I’ve written in previous blogs about my challenges with my beloved (but opinionated) FEI horse Rico and our journey to master (once and for all!) the correct and uphill flying change. It’s a training issue we have worked to address over the course of his career because Rico likes to change early in front instead of in unison, a big no-no in the dressage world. We’ve made great strides (no pun intended) so the other night, I asked my mother to video while I rode a few serpentines and diagonals so that I could assess what needs fixing and what’s finally working.
That video will not appear here, readers, and has been thoroughly and completely erased, not because my horse looked awful (he’s such a good boy!) but because ten seconds into viewing it, I found myself narrating the ride by lecturing the talentless lump sitting on his back (who resembled me) to SIT STILL, for goodness sake. STOP moving your shoulders like he’s the raging sea and you’re a tiny boat. WHY are you swaying like a drunken sailor on leave?! FOR THE LOVE OF EVERYTHING just sit QUIETLY, you big idiot!
(Note to self – come up with non-seafaring analogies.)
Thus, my focus over the last week or so has been to sit quietly on the horse and absorb his movement without appearing as though I’m doing so. (It’s Dressage 101 and I’ve signed on for a much-needed refresher course.) No swaying shoulders. No swinging in front of the vertical and then behind it again. No overt movements of any kind; just sit there and ride forward. No muss; no fuss; just sit.
Talk about night and day, readers.
I have yet to video to find out what it looks like now, but I can tell you that the feel I have for this horse now is completely different from the one I had just a handful of rides ago. True story. By focusing on one (simple) issue and quieting my own body, I feel things going on in his body that I previously missed and he’s performing better than ever – no doubt because, without the noise my extra movements caused, he understands me better. My cues go through with improved clarity and his responses likewise travel a less restricted path. (Have the changes improved too? Um, yeah!)
Happy for you, Randi. But what does this have to do with going to college?
More than you think, students. Here’s why:
As many of you are soon to learn, the college search is filled with noise. Glossy brochures clog your mailbox; emails fly at you from all directions; your social media feeds are congested with colleges who clamor for your attention, and it sometimes seems that everyone on the planet has a different opinion about the career path you should pursue and what school will get you there. Conflicting suggestions will come your way:
“Apply as early as possible.”
“There’s no rush – make sure you dot your i’s and cross your t’s.”
“Your essay should be about how well-rounded you are.”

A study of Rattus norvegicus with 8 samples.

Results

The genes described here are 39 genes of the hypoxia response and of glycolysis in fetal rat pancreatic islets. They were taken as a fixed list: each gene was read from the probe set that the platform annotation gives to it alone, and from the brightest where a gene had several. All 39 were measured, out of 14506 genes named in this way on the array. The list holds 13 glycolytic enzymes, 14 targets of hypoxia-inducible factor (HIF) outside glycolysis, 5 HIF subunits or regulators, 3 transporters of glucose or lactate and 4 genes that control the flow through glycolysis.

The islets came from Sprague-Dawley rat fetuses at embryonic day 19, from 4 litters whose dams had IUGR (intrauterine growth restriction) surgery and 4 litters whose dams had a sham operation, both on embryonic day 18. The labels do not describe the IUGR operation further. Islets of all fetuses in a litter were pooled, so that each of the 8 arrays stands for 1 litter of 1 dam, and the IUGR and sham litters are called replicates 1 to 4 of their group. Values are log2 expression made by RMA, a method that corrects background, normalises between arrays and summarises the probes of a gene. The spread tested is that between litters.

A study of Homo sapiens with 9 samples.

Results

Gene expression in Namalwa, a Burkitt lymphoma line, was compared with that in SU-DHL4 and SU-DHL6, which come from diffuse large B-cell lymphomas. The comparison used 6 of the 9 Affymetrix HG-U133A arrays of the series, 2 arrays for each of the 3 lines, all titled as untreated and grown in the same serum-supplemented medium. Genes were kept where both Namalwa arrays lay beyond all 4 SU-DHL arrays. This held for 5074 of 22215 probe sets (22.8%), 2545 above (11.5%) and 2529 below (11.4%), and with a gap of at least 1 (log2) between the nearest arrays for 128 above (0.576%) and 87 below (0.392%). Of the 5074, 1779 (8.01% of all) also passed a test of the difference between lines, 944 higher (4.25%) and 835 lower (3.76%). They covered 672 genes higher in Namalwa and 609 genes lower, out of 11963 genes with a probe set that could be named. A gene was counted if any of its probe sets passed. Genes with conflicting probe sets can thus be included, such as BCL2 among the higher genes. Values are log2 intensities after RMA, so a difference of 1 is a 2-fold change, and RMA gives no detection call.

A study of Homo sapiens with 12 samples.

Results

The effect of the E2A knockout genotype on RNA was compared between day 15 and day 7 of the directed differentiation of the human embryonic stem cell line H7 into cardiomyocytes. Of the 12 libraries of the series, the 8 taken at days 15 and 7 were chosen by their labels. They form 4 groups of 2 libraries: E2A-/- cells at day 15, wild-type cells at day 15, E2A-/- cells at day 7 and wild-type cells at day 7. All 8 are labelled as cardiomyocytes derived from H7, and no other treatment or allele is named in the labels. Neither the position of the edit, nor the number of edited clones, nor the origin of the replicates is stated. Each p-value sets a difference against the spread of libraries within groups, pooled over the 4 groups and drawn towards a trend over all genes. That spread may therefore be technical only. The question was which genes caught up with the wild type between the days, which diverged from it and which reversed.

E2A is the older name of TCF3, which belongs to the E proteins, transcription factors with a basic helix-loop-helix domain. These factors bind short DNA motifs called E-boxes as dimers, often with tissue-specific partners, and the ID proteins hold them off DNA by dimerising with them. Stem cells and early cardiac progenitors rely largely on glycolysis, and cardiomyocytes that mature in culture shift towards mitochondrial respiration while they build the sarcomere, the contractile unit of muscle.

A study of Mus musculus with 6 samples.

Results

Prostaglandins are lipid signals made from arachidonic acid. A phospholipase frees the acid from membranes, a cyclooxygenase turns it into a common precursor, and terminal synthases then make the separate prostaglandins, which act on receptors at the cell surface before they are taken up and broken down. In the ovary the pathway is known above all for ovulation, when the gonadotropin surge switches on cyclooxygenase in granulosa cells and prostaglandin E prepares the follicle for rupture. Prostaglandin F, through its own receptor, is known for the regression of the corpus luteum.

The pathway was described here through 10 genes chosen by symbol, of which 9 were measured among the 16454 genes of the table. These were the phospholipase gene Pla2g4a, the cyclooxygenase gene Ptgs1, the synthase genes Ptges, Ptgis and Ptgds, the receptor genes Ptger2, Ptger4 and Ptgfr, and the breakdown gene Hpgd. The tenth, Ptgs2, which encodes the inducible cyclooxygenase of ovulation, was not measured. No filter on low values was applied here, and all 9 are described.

“Your essay should show your ability to focus.”
Should you be an active participant in your own future? Absolutely! There are a lot of actions you’ll need to take between now and May 1 of your senior year – tests to take, classes to ace, volunteer activities to add to your resume, interests to pursue, etc. You’ll need to go on campus tours and ask questions of admission officers and speak with students and alumni and keep track of your application status at multiple schools. You’ll evaluate scholarship and financial aid options, observe IHSA, IDA, or NCEA meets in action, talk with coaches, and assess where your riding abilities would fit in on the teams that interest you. These are traditional parts of the college search process and they’re inherently noisy when you’re starting out – just as in riding, where you can’t very well perform an immaculate sitting trot if you don’t understand the fundamentals of correct equitation and haven’t mastered the right balance. You’re inevitably going to move around until you get the hang of it.
But when decision time comes and you need to make your final school choice, how will you determine what the right path for you will be?
That’s right. Take a page from Aunt Randi’s Expert Horse Training Journal and sit quietly for a bit. Allow the information to fly at you and don’t move around too much. Listen to what the colleges tell you – really listen – and take the time to ask yourself how you feel about it, what their messages will mean for your undergraduate career. This is the point at which you’ve ascended the learning curve and done your initial research – in riding, it’s that point after you’ve established an independent seat and leg, the point at which you sit quietly and let the horse do his job because your foundation is now firmly established. At that point, you don’t need to respond to colleges that no longer interest you; you’re beyond worrying about where your beloved history teacher thinks you should go; you’re not bogged down in all of the news articles about the state of higher education in America. (I’m deadly serious about that third one – high school brings enough drama in your life so don’t worry about what the talking heads have to say about higher ed.)
Be still. Take in the important things and let the rest go. Just sit and ride forward. The rest will sort itself out.